Note: I'm worried this question might be taken as controversial, because it relates to Shinichi Mochizuki’s work on the abc conjecture. However, my question has nothing to do with the correctness of the proof; I'm specifically trying to get a handle on the methods being used. Please assume I'm asking in the most naive sense possible.

In this article on inference review, it's explained that Mochizuki's approach differs from standard category theory in refusing to identify isomorphic objects.

Since complete ordered fields are rigid, there is really only one way to do this. But for other categories, there are many choices to be made, and the choices must be made in a compatible way. Sometimes it is best to avoid making such choices, but it is possible to do if desired. After all, a pair of equivalent categories cannot distinguish between themselves using only categorical properties. It can thus be a deep theorem to establish such an equivalence, and highly nonobvious.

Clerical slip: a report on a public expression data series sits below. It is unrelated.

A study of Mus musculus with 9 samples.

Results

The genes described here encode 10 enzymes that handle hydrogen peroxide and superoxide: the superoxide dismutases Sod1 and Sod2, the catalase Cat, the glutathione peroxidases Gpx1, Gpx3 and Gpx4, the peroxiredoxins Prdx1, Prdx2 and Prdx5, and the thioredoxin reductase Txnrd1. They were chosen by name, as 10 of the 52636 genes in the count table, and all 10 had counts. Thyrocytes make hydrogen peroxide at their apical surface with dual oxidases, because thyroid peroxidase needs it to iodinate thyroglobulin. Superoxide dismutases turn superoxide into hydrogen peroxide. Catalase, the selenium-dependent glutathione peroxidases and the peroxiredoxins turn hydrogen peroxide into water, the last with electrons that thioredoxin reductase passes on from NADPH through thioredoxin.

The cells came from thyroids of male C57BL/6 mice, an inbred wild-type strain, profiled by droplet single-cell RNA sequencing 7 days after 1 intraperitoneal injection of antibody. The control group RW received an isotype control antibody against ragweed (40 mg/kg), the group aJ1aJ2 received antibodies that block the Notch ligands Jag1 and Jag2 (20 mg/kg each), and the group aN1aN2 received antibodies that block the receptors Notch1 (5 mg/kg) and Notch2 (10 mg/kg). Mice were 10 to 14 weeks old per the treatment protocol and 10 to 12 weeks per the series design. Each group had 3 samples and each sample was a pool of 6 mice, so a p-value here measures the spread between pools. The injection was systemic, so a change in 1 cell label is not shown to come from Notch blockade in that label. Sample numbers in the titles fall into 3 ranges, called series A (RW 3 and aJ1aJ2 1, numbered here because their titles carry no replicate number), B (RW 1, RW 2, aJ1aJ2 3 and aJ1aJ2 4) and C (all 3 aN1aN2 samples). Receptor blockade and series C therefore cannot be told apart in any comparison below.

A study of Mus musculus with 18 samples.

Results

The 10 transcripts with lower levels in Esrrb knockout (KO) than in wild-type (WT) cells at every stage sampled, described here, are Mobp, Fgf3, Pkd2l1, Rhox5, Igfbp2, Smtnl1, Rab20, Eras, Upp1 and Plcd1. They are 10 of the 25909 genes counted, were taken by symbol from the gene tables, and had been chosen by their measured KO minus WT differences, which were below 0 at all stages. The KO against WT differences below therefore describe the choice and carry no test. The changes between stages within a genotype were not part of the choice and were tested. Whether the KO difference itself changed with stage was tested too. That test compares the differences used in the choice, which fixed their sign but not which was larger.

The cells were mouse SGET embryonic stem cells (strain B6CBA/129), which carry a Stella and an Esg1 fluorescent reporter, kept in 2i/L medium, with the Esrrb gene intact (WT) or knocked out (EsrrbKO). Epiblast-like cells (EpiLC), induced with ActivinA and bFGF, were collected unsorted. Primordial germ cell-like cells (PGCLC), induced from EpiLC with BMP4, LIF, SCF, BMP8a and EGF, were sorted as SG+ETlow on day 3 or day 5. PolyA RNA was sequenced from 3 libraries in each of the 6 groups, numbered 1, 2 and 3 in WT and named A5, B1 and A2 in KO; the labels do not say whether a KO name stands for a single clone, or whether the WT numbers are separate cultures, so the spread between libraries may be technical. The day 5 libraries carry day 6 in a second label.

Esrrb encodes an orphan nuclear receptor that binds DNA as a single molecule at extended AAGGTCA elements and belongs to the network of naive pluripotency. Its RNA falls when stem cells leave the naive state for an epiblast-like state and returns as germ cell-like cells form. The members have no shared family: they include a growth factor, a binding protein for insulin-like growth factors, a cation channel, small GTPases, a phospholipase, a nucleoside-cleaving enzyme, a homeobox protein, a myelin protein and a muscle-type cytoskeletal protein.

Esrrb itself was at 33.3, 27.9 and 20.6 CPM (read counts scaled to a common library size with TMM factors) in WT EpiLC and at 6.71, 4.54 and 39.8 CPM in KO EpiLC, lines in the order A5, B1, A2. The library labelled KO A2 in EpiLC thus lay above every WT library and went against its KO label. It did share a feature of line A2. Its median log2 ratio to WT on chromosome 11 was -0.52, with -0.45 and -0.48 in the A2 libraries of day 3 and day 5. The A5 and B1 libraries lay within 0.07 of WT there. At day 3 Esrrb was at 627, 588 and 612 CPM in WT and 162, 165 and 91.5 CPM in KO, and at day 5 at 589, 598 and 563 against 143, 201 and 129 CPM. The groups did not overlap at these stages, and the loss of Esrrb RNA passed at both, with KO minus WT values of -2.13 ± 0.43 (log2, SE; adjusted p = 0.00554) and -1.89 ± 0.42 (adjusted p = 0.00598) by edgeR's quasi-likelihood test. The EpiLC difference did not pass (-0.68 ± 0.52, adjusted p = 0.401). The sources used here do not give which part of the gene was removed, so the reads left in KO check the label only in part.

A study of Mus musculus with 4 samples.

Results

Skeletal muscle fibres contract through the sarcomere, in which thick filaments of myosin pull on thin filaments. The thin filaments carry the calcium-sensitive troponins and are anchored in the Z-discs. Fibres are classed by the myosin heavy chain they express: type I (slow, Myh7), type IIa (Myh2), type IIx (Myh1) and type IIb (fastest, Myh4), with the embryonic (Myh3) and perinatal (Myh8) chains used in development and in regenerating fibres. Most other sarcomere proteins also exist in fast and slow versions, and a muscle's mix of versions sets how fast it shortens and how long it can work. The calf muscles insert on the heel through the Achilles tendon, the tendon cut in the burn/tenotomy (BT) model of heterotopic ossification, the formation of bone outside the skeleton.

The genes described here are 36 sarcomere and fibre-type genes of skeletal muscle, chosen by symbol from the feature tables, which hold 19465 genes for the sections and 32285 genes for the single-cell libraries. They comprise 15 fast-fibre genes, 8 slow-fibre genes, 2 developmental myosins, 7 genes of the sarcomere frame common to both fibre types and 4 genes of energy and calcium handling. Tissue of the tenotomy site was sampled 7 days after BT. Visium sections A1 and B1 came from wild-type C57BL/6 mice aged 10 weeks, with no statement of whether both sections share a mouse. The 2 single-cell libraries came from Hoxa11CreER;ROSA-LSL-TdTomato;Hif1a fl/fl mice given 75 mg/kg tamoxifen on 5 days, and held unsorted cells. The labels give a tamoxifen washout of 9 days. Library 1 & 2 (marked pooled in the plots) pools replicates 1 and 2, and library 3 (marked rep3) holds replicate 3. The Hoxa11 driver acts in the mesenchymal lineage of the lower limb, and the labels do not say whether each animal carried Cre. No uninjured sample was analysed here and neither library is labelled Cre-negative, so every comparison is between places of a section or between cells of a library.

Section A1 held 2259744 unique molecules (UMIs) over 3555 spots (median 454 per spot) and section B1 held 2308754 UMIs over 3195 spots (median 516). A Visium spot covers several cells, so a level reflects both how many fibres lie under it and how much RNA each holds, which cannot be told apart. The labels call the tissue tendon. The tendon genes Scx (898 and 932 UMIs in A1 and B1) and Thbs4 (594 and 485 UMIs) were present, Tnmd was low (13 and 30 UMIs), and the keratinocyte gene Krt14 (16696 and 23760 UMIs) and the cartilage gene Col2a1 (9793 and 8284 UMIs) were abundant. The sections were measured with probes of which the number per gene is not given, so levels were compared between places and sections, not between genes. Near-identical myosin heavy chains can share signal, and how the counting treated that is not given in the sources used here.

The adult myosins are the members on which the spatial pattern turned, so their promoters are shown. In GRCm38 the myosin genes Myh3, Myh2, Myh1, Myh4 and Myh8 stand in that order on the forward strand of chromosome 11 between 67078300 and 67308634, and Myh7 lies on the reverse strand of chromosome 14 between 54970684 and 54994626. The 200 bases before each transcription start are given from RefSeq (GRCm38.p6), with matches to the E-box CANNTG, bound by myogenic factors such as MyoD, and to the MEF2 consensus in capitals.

This way of thinking is becoming more and more entrenched in certain disciplines of mathematics, especially those where category theory has been used extensively. Algebraic geometry is one such discipline. One can, with care, sometimes work as if isomorphic objects are identical. When Mochizuki insists that the isomorphic objects he describes must be distinguished at all costs, and so labelled to keep them distinct, it feels like prohibiting a boxer the use of his fists.

On the other hand, at the beginning of the Wikipedia page on higher category theory it says:

higher category theory is the part of category theory at a higher order, which means that some equalities are replaced by explicit arrows in order to be able to explicitly study the structure behind those equalities.

So isn't higher category theory precisely studying differences between isomorphic objects? Is Mochizuki talking about higher category theory?